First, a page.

These shows take on the issue of bullying in three unique ways. Which way would your students relate to?
Sally Butts for President
Mercilessly teased thanks to an awkward last name, Sally Butts plots revenge on her chief tormentors, the popular Jack and Mikayla Slade. Sally and her friends – who have unfortunate last names themselves – launch Sally’s campaign for school president against Jack. To beat him, they’ll have to overcome dirty tricks, cruel graffiti, bad puns, parents who quote poetry, and an excessive amount of glitter. Can a girl named Butts really become president? Running time: 55 minutes. Read more.
Photo Credit: Theatre Project, Brunswick, Maine.
The Losers' Club
A group of outcast high school students in a small Texas town have formed “The Losers’ Club.” On homecoming evening, these 12 students kidnap the star football player, Joe Taylor, and homecoming queen nominee, Tawny Harris, who have ignored, bullied, and ridiculed members of the club for years. Lead by Trenton, a 17-year-old Goth, the club members put the condescending Joe and Tawny on trial for “crimes committed against their fellow students.” Each member of the “jury” details how he or she has been harassed by Joe, Tawny, and their friends, and how their lives have been affected by the abuse. What is revealed in the testimonies and the result of the trial is a surprise to all. An excellent play to serve as a catalyst for realistic discussions about bullying in schools across America. Read more.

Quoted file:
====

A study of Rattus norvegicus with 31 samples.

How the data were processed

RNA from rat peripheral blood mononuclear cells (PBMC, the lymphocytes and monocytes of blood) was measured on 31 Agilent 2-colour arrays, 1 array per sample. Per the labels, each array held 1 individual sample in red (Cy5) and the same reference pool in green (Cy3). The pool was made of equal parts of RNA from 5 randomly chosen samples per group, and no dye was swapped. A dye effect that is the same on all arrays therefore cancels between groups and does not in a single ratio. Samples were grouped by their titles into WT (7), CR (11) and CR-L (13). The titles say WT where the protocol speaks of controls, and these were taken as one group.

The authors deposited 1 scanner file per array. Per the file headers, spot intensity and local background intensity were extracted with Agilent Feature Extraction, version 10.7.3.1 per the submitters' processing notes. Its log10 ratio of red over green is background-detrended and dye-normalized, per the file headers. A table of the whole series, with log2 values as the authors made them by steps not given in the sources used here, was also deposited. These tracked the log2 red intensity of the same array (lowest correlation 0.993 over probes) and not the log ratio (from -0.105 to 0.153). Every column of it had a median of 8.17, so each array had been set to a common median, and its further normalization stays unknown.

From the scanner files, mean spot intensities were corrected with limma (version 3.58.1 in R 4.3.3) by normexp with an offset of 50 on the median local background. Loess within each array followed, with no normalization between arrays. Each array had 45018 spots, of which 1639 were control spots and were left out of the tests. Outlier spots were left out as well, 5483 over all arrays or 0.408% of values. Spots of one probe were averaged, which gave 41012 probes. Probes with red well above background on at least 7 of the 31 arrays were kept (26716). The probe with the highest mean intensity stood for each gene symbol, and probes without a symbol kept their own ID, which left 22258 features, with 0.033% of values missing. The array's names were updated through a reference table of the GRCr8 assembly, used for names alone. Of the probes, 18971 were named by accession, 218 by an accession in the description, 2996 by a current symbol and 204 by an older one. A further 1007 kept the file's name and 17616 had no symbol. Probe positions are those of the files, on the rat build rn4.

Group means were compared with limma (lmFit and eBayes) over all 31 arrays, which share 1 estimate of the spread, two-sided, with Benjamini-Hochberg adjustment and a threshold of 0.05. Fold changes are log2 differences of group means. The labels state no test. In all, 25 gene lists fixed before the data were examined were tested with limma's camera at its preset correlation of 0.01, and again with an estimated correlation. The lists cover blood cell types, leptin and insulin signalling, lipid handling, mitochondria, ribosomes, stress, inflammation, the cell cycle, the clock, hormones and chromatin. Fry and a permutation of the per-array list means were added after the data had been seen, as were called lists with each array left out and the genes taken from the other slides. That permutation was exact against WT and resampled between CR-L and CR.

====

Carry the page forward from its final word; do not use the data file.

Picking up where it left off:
"The kids love it! For the first time in my 15 years of teaching drama, kids spontaneously erupted into applause at the conclusion of the first read. The script really spoke to them. Our production was hugely successful. Students, parents, and teachers were wowed by it. The discussions it spurred were priceless. I can not recommend this piece highly enough. Do it, you will not be sorry."
-- John Burroughs Middle School, Los Angeles, CA
Four honor roll students have been summoned to detention. To avoid punishment, they each come up with a preposterous excuse for their tardiness, and their wacky tales are acted out by an ensemble of performers. As one wild lie piles on top of the next, the principal gets further away from the truth. Will he be able to figure out that these creative overachievers are coming together to avoid being bullied? He'll have to think fast for he’s up against a swift and desperate bunch of kids, each with a knack for making the most ridiculous stories sound entirely possible! Read more.
"The kids had a blast portraying these exaggerations of real-life scenarios, such as bullying, the awkwardness of `the talk,' or making up excuses for being late to class. Each student was able to give each character its own personality, because everyone was able to relate to at least one character's situation. The audience laughed, gasped, felt sympathy, and applauded."
-- K.P., Director, Lemoore (CA) H.S.